Restaurant search and discovery service Zomato announced Thursday that it was hacked, resulting in information from 17 million users being stolen.

The names of users along with their email address and a hashed password were stolen by the hacker. The database of Zomato user information has been made available for purchase on the dark web.


“This means your password cannot be easily converted back to plain text,” the company said—an updated version of an original post that said the passwords “cannot be converted/decrypted back to plain text.” That comment was criticized by security experts, who note that encryption is very difficult but not impossible to crack.

Zomato also noted that 60 percent of its users login using a third party OAuth or Open Authorization, meaning they login using another account like Google or Facebook. Zomato does not store passwords for those accounts.

The company is still advising its users to change their password and has already reset the passwords for affected users. Those users are logged out and will have to create a new passwords upon their next login.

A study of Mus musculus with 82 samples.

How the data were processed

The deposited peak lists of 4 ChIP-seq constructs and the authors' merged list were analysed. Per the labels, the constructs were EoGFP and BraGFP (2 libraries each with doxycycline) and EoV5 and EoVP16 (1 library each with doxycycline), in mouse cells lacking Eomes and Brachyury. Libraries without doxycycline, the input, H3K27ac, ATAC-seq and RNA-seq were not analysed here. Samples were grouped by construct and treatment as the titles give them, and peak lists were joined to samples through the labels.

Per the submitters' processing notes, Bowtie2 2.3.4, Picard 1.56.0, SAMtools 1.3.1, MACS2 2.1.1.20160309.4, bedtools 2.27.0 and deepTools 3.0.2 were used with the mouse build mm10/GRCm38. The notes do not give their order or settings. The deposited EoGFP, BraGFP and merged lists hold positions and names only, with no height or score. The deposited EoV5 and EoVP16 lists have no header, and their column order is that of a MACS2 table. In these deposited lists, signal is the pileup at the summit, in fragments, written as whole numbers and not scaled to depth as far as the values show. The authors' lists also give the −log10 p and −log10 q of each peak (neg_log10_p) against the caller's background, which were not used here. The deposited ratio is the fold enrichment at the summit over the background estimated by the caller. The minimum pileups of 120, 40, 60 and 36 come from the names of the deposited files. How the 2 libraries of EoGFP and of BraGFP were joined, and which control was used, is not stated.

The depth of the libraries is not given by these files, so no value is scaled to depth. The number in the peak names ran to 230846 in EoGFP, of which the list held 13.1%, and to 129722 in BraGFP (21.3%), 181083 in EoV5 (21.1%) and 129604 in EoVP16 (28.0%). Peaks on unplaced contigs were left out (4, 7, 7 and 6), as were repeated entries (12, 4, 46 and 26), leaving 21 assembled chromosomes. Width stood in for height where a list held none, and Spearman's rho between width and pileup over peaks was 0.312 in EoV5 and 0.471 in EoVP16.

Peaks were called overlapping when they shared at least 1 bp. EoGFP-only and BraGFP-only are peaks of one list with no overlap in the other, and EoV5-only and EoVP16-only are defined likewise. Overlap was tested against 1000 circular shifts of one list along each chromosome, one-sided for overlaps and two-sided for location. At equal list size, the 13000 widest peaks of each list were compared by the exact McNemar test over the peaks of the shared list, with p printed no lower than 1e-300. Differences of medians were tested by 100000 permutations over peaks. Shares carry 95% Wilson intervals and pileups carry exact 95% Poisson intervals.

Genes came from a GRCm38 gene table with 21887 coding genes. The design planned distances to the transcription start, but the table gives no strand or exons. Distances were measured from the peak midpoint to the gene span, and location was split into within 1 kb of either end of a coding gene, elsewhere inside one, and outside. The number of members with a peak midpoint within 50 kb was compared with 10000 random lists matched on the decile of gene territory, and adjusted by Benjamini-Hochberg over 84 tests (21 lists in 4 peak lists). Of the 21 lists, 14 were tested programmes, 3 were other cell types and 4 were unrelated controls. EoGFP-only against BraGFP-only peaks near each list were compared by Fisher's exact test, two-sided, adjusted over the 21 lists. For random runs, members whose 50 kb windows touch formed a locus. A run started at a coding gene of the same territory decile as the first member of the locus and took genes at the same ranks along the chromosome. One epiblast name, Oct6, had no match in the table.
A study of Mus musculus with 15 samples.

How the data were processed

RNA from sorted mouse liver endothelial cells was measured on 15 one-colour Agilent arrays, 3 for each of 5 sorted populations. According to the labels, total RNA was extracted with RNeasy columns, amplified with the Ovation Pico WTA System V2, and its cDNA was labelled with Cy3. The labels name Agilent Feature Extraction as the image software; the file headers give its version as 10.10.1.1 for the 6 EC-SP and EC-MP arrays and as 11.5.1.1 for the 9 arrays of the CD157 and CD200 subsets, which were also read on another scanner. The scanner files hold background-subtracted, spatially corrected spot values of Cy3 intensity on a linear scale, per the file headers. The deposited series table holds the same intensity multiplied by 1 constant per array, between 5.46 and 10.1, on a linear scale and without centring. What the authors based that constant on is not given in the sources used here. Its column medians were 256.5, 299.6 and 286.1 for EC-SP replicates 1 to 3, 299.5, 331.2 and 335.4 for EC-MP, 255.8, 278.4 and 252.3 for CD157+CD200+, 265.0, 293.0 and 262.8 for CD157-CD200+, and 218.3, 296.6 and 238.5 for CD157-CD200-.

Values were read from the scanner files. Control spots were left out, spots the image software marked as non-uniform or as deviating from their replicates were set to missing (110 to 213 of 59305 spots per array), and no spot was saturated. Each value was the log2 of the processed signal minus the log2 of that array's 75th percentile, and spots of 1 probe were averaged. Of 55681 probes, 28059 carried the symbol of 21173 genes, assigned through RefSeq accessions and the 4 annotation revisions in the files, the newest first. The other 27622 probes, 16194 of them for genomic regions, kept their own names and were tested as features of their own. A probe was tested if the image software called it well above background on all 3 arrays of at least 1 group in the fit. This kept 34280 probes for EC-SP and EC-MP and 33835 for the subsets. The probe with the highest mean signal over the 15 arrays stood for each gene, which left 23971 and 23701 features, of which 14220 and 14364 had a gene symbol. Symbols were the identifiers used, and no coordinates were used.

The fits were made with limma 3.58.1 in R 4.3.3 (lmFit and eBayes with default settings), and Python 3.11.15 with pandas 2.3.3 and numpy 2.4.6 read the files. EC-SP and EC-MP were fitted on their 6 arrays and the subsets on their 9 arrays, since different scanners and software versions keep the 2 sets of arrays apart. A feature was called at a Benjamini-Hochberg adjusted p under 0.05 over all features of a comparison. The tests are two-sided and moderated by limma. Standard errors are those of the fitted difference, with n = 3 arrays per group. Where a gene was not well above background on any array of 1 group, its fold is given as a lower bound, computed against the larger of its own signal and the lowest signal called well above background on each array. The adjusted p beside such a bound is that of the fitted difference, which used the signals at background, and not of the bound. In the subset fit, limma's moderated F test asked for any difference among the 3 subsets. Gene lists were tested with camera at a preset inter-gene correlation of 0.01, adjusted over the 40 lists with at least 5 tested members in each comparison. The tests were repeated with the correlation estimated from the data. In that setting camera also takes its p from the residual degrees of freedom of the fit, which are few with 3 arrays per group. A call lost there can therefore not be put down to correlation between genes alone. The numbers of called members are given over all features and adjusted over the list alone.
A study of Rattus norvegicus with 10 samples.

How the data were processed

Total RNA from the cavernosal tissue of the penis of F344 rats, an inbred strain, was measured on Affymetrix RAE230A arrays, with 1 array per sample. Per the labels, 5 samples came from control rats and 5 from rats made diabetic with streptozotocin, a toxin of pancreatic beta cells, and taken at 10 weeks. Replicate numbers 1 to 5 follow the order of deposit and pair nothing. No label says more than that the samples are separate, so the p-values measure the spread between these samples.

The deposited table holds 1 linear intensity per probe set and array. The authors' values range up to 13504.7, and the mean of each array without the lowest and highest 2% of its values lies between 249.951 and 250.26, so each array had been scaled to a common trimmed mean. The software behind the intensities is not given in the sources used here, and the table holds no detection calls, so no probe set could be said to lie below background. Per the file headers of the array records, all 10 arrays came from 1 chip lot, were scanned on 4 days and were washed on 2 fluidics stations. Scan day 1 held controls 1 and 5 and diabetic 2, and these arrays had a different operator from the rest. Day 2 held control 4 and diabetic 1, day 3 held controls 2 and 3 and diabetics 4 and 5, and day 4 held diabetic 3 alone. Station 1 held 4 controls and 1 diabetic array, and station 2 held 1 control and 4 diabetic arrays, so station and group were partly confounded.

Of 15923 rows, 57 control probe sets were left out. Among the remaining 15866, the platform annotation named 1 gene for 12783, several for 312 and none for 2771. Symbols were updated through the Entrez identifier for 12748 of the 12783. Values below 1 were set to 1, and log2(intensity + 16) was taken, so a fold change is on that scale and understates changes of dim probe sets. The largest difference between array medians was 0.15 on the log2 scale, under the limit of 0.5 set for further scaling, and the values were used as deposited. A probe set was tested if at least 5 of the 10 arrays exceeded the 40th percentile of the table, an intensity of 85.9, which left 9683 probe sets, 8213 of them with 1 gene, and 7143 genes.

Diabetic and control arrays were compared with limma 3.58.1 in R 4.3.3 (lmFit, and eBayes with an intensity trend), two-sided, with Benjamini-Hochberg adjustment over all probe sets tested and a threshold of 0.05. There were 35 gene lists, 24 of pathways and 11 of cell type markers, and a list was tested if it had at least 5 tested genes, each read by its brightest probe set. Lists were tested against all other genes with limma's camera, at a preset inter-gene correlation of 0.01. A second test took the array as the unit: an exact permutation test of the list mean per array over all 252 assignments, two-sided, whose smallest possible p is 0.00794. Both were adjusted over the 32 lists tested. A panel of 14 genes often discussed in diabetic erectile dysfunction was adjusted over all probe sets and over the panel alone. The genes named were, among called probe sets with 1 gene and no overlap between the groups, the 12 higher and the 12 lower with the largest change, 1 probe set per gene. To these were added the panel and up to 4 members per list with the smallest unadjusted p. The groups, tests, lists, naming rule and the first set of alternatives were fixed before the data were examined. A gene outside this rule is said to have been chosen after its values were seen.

For any user who uses the same password on Zomato as they do on another service, it is important to change passwords on those services as well. Database leaks are easily be cross-referenced and a hacker can access multiple accounts just by finding a single password.

Read: Edmodo Hacked: 77 Million Accounts Of Students, Teachers, Parents Stolen From Education Social Network

Zomato assured users that payment related information is stored separately from the database that was compromised and confirmed that no payment information or credit card data was stolen or published.

The information from the stolen database has been made available online for purchase on the dark web. The hacker is asked for just over $1,000 for the database.

It appears that the same person responsible for the Zomato hack was the same person involved in the recent hack of education social network Edmodo. The hacker, who goes by nclay, reportedly broke into the Zomato database earlier this month.

It appeared the hacker nclay was able to gain access to the Zomato database after compromising a Zomato employee’s account and using that employee’s access to the company’s database—which suggests the Zomato did not require the use two-factor authentication or other methods to authenticate its employee logins.

Zomato said it will be “further enhancing security measures for all user information stored within our database,” and adding an additional layer of authorization for its internal teams with access to customer data to prevent future breaches.